The federal government’s ambition to convert over 13 million Nigerian households to the use of Liquefied Petroleum Gas (LPG) for domestic purposes in five years, may suffer a setback due to controversy surrounding licensing of LPG skids for domestic purposes as well as for auto-gas.
At a time when Nigeria is exploring opportunities to deepen the penetration of LPG in the country’s energy mix through the National LPG Expansion Plan and the National Gas policy with dedicated input for the enhancement of the LPG sub-sector, stakeholders in the value chain have allegedly identified inconsistencies in the DPR’s licensing procedure as a major obstacle to achieve the industry’s objectives.
M&P Nigeria confirmed this allegation from a reliable source at the Petroleum Products Pricing Regulatory Agency (PPPRA) headquarters in Abuja, who informed this publication about a protest letter it received from LPG associations accusing the DPR of double standards in approving licenses for locating LPG skids at filling stations across the country.
According to the source who preferred anonymity, the contentious issue started when the DPR issued directives for the closure of what it described as unapproved LPG skids for violating stipulated requirements for operating gas facilities in filling stations.
He noted that the DPR based its actions primarily on the fact that licenses issued for the establishment of LPG skids as Add-On facilities at filling stations were designated as auto-gas and strictly for vehicular use, which must be in compliance with the new LPG guidelines.
Auto-gas filling stations are filling stations that do not sell petrol, kerosene and diesel – but only sell gas to vehicles.
The source, however, questioned the rationale behind the DPR’s premise that LPG skids at filling stations were designated strictly for vehicular use stating that there were too few auto conversion centres around the country, coupled with an absence of training for auto conversion expertise, a lack of incentives for vehicle owners to transit from petrol or diesel to LPG, as well as poor sensitization.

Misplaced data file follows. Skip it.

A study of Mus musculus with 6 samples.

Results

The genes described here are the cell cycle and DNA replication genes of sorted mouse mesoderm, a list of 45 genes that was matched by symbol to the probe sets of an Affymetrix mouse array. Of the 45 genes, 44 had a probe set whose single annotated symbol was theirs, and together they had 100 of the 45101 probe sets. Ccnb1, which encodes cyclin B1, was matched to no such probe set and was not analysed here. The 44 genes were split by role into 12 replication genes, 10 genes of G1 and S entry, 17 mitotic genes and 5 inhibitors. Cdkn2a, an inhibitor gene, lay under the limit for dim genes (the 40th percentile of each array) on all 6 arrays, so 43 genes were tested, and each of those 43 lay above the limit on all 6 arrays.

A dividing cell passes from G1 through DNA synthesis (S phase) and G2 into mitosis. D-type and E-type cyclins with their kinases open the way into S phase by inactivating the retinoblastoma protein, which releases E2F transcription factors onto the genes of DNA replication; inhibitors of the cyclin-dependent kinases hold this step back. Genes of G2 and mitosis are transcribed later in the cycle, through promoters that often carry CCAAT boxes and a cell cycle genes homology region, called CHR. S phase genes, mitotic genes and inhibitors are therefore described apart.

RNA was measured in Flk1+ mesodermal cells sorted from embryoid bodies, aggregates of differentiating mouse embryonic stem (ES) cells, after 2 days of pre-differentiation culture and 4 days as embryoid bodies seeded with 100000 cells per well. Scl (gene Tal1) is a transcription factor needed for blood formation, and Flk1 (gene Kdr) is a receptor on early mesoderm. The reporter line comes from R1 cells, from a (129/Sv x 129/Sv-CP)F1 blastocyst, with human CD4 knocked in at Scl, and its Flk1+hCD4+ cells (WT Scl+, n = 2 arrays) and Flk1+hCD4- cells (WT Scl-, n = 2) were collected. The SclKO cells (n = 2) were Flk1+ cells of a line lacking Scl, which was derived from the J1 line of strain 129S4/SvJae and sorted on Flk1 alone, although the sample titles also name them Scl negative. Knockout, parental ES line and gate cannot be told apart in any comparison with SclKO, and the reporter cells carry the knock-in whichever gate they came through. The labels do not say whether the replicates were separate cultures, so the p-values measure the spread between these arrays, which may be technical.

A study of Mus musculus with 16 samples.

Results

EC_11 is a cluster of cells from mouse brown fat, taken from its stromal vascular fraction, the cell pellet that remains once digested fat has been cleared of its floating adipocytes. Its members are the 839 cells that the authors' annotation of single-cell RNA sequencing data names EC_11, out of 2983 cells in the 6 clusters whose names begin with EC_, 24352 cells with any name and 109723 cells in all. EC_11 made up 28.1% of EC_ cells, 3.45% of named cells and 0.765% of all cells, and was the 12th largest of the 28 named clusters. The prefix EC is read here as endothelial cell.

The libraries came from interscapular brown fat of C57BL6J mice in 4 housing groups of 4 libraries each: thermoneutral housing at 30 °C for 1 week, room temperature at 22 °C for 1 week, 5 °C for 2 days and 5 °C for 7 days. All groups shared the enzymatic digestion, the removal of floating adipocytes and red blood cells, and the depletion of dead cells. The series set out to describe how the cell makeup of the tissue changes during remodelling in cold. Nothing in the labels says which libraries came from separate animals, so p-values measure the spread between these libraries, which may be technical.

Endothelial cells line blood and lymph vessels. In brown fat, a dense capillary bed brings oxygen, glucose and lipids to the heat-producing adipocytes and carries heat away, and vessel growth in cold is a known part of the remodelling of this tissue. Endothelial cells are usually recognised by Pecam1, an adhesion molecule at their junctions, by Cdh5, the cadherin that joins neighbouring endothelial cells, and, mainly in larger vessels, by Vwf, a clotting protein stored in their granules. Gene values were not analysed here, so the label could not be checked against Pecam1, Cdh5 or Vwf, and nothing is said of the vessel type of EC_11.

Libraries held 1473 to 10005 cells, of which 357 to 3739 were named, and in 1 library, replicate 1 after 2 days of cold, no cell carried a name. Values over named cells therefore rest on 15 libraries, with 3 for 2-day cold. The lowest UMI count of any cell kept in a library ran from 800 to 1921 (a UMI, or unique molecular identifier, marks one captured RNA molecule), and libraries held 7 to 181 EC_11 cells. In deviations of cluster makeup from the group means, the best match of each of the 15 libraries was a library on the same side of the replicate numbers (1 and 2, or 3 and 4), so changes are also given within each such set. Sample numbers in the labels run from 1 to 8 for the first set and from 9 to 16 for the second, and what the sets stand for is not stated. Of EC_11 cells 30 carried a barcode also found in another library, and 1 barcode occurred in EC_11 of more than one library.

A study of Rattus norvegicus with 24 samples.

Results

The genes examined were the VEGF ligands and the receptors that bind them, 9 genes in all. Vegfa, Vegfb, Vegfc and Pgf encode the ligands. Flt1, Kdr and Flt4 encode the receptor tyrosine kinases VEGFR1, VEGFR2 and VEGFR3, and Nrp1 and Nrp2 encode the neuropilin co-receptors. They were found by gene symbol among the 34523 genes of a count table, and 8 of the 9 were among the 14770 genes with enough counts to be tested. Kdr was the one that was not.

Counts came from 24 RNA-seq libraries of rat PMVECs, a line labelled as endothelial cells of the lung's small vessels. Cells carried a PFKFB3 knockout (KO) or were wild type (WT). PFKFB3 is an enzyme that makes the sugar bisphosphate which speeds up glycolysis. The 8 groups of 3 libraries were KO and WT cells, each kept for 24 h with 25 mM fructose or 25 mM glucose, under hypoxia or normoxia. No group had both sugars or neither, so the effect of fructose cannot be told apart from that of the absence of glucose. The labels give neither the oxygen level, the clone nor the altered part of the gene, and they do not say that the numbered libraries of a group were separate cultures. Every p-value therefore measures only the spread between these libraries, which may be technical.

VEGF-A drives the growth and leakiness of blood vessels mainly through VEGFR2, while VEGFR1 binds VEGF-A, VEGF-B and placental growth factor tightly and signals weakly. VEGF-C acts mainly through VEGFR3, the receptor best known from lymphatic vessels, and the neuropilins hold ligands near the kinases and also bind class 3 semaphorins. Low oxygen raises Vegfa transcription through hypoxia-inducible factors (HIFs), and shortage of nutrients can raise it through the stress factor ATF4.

He highlighted other issues affecting consumption of the product which include lack of competitive pricing which does not reflect the true state of the LPG market in Nigeria; as well as sourcing, pricing, supply and distribution bottlenecks which need to be removed through collaboration between stakeholders and regulators.
On their part, LPG retailers reacting to the regulator’s claims accused its officials of being in a hurry to collect money to issue licenses only to turnaround and threaten to shut down their facilities and jeopardise their investment.
Spokesman of Cooking Gas Skid Proprietors Association of Nigeria (CGSPAN), Otunba Shittu Moshood, said the clampdown by DPR could signal a death knell for the planned legislation aimed at compelling petroleum product marketers to set up gas filling plants in all filling stations across the country.
On his part, President, Liquefied Petroleum Gas Retailers Association of Nigeria (LPGARAN), Mr. Chika Michael Umudu, said regulation and safety standards in the LPG sector cannot be compromised in anyway.
He stated unflinching support for the sanitization of the sector but called on DPR to exercise restraint and take cognizance of the number of jobs being created in the LPG subsector, warning that a disruption in the activities of operators was capable of wiping out members’ huge investment and job growth target.
The Agency did not respond to emails from our correspondent requesting information in this regard.